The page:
Today, I have a guest post from my brother-in-law, Larry O’Donnell about his newest paying gig. Do you all remember the scene in The Blues Brothers where they play Rawhide repeatedly in the dive country-western bar? Apparently, Larry’s played in places like that, but they pale in comparison to the tough crowd he plays these days!
Playing a Tough Room by Larry O’Donnell
A couple weeks ago, I started my first paid gig playing guitar since 2003. Prior to that year, I played (paid) gigs with different bands going back to my teens. I never played big venues or with any famous band. I was mostly a VFW, Elks, Moose, and small bars kind of player. I played at picnics, church functions, charity events, and office Christmas parties. (Now known as Holiday parties)
Places with names like Salty’s, Donny’s Road House, the Silver Saddle, and Sal’s had fishnets up to keep objects from impacting band members. It got so you could judge the DQ (Drunk Quotient) of the house by the number of guys and sometimes women, who would come up and tell you how great you were. One guy brought us drinks between sets. When we finished we found out the guy ran a tab for the band and we had to pay for all of it, including his drinks.
Once, in a dive in West Virginia, (the dive was invented in West Virginia) the solo guitar act was so inexperienced, he couldn’t finish a song without a major mess up. The poor guy was about to be tarred and feathered. My buddy, who was driving, decided I should finish the gig for the guy and got him to lend me his guitar. I played Country Roads by request every other song until they closed. Let’s just say the DQ there was about 150 out of a possible 100. The owner gave me $100, though, so it turned out good for me.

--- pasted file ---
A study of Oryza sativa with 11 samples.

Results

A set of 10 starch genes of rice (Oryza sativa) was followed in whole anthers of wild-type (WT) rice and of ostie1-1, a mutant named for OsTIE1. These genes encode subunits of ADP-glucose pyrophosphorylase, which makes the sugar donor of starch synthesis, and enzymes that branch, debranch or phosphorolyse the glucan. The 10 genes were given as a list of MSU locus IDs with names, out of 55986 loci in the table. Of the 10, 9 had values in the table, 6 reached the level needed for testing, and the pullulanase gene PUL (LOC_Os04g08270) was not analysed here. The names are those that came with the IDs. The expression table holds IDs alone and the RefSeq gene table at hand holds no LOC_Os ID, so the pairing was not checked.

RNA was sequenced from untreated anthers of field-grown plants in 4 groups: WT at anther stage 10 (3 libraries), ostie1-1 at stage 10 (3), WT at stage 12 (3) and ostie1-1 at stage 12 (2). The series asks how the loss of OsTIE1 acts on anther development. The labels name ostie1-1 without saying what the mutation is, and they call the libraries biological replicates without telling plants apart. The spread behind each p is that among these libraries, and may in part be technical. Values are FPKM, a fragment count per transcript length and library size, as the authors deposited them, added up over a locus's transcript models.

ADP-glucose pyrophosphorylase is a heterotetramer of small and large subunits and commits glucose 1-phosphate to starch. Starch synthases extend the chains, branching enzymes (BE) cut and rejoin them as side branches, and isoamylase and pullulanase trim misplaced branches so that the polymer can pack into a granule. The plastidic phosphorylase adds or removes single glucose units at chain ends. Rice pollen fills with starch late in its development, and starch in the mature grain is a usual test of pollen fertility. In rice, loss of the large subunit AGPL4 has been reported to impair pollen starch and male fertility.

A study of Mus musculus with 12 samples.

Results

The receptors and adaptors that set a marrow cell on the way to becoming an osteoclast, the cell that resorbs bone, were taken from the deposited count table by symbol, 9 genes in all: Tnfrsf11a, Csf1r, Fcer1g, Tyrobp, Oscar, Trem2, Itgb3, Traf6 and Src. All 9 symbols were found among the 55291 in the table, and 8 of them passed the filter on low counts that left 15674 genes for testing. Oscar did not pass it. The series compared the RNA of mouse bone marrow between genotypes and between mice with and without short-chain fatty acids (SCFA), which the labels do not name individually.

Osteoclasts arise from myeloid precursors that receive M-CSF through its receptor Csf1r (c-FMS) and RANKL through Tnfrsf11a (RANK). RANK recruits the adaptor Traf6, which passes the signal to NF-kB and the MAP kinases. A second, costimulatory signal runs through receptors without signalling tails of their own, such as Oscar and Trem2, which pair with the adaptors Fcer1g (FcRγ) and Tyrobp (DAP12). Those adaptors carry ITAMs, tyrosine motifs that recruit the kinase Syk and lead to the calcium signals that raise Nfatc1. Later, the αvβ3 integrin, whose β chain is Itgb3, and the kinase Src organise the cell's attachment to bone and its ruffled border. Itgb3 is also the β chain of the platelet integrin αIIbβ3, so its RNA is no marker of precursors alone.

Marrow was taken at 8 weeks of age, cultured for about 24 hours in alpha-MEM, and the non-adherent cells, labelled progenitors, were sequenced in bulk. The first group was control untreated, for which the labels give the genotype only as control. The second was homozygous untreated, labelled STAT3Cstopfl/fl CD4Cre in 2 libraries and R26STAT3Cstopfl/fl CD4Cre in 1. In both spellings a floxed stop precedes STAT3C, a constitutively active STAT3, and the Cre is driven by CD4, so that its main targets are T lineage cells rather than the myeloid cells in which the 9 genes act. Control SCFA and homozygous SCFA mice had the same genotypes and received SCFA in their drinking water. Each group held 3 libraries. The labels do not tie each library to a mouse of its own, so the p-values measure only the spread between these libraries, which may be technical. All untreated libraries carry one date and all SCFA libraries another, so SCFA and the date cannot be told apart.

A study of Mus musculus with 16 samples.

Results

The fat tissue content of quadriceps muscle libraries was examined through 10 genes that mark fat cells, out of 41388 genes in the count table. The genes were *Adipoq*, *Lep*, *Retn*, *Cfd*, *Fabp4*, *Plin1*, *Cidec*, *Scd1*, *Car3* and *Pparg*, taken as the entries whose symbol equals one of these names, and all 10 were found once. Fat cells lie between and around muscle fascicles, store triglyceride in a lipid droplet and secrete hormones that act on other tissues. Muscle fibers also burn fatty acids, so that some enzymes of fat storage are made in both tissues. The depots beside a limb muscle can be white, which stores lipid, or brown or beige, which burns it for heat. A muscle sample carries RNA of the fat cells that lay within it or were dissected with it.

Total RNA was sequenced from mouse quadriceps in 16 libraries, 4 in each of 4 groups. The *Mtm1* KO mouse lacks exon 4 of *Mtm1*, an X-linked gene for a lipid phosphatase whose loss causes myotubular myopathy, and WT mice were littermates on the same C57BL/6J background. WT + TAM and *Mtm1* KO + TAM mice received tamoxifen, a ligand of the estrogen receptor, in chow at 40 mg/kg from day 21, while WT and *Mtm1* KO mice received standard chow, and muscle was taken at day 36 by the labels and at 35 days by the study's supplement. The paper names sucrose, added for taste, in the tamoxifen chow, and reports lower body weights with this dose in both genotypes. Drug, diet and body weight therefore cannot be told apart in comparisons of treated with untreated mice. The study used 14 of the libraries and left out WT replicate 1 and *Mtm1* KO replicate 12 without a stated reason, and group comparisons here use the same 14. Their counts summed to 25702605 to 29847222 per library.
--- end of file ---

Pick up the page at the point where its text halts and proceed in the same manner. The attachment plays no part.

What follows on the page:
Consequently, I don’t usually get too riled up about playing a new place. After all, what could be tougher than playing a bar where bikers throw beer bottles at the band and keep score?
I’ll tell you what: Playing for pre-school kids ranging from toddlers to 5 year olds. No DQ in this place. No polite applause. If they liked a song, they screamed with the joy only a four year old can have. If they didn’t like it, they told you. “Mr. Larry, that wasn’t a good song, play Spiderman.” One cute kid put his hands to his ears and ran to the back of the classroom. I am waiting for a bill to pay his therapist.
Raw expression is what you get from children. No veneer of civilization. No easily bruised egos allowed here. They really liked the Unicorn song with hand signs for all the animals. I played Proud Mary and they came in on the chorus in a way that would have gotten them hired by Tina Turner. When I played a song with a beat, they danced. At least most did. They whirled like Warner Brothers’ Tasmanian Devil, somersaulted, and crashed into each other. When I ended the song they asked for more rock and roll. So much for all the time I spent learning to sing about Old MacDonald and his farm.
Mostly, they just had fun. I laughed so much, my side hurt. I can’t remember how long it has been since I did that.